As anyone who has tried recently to get a Covid test knows, the pandemic has radically reshaped the market for medical diagnostics, several times over.

After a mad scramble for tests at the start of coronavirus, the sector fell out of focus last year as the US and other rich countries prioritised vaccines. Now testing has moved front and centre again as the Omicron variant spreads. Some would-be customers have had to line up for hours for supervised tests, while others scramble to get their hands on scarce at-home tests amid hoarding.

Despite all this, Covid testing has boosted revenue and profits at proven manufacturers and laboratories and attracted new players who scent an opportunity they believe will outlast the pandemic. Attitudes toward at-home healthcare and routine disease screening have shifted dramatically and these companies want to be the ones to profit, both from Covid and other illnesses. But in the meantime they need to avoid alienating customers with shortages, high prices and unmet promises.

The sharply rising share prices of Abbott Laboratories and Roche reflect the large revenue gains they have made from Covid testing. Other groups hope to emulate them. Abbott, which built two new factories, is the US’s biggest supplier of rapid antigen tests, while Swiss-based Roche is a global leader in laboratory-based PCR tests. Private equity-backed Innova Medical won £3.7bn in UK government contracts and now supplies 21 countries (though the newcomer also had to recall US tests after failing to provide acceptable reliability data.)

Manufacturers across the board say their efforts to meet demand have been hampered by the way new variants have driven frequent shifts in public health guidance and inconsistent government purchasing. They also complain that national demands for specific packaging make it impossible to redirect supplies when demand shifts.

Last summer, after US authorities downplayed the use of rapid tests, Abbott laid off workers and disposed of components only to have to ramp back up again this winter. Innova, which sells mostly Asian-made tests, is building a new production facility in Wales, but chief executive Daniel Elliott says it lacks enough contracts to be profitable after the company failed to win additional UK government orders.

Labs and medical clinics are also benefiting from demand for supervised tests: profits at Australia’s Sonic Healthcare more than doubled. But opportunistic outfits risk undermining public confidence by promising prices and timescales they fail to deliver. In the UK, 13 large providers have formed the Laboratory and Testing Industry Organisation to set standards and self-police.

Predicting demand is difficult. Debate over whether at-home tests should remain free is raging in the UK, just as the US government begins to hand them out and require insurers to pay. The need for tests is probably seasonal and likely to decline even if Covid-19 never completely goes away. Retail prices also range wildly: in the US it is above $20 for two at-home tests, while French law caps charges at €5.20 per test. Meanwhile the World Health Organization says that less than 1 per cent of tests have gone to low-income countries.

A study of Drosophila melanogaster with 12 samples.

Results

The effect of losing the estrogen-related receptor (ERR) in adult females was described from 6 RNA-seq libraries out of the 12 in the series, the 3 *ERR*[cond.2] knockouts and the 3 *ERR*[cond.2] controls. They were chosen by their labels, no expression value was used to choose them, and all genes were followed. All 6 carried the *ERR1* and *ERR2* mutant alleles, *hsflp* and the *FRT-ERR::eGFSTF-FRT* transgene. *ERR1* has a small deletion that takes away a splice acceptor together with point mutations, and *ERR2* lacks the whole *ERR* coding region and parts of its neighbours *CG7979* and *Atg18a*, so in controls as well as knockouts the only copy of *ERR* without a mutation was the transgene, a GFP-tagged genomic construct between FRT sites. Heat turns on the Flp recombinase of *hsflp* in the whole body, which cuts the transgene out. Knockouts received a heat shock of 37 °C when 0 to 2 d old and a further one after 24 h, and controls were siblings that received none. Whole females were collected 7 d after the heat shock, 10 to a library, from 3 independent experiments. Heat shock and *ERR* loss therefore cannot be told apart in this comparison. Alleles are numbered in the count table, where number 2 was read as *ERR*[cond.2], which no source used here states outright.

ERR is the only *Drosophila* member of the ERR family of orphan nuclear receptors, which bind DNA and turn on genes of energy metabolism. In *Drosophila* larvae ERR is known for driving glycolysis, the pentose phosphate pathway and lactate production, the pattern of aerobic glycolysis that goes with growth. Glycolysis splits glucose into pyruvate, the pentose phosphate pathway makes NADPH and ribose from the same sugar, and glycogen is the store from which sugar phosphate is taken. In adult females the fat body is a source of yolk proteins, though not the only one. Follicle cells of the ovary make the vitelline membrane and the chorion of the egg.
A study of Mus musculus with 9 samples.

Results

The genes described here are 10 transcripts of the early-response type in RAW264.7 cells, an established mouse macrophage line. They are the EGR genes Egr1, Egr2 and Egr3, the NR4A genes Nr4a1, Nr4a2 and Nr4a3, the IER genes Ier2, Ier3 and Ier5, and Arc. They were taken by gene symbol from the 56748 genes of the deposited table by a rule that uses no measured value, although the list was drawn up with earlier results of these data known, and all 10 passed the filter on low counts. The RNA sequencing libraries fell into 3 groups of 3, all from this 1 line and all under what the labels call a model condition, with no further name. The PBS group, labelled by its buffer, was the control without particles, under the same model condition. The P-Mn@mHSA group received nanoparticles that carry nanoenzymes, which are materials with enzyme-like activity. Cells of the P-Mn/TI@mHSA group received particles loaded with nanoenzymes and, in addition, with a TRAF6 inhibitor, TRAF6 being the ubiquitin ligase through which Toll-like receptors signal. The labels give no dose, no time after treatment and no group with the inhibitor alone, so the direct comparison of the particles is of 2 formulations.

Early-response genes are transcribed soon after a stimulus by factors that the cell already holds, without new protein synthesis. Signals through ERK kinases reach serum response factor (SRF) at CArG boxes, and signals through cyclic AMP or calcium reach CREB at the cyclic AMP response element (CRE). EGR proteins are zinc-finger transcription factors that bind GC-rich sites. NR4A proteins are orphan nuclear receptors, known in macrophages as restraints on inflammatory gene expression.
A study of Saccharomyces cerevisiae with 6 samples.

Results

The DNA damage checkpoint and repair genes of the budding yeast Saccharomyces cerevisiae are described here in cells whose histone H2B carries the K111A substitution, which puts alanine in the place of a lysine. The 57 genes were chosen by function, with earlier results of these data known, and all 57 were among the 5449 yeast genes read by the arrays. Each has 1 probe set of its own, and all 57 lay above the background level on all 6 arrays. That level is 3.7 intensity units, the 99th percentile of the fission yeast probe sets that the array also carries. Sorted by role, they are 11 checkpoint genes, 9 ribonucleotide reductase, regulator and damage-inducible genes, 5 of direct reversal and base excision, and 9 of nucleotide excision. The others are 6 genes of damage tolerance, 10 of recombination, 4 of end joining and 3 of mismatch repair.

The lasting profits in testing lie with convincing patients, insurers and governments that it is worth paying for routine screening for all kinds of diseases. The market was already growing, but Covid has accustomed many more people to self-testing. Some companies are betting that patients will now be willing to try home tests to distinguish between influenza, Covid and a common cold. Others see the market expanding as tests are developed to screen for the viruses that cause chronic diseases such as hepatitis C and cervical cancer.

Companies are also working on inexpensive readers that automatically upload the chemical results of a home test rather than relying on patients to report whether they see a line. There is potential money in pandemic preparedness if the rigours of the past two years make governments willing to pay to keep test production lines ready to roll so they can be modified for the next infectious disease.

These, and other bets that Covid is transforming medicine, including investments in telehealth and artificial intelligence-driven automation, help explain why venture capitalists pumped $29bn into US digital health start-ups last year. That’s nearly double 2020’s record total, according to Rock Health.

Companies should be doing more to make Covid testing easy to access, use and afford. There are long-term profits for them in it.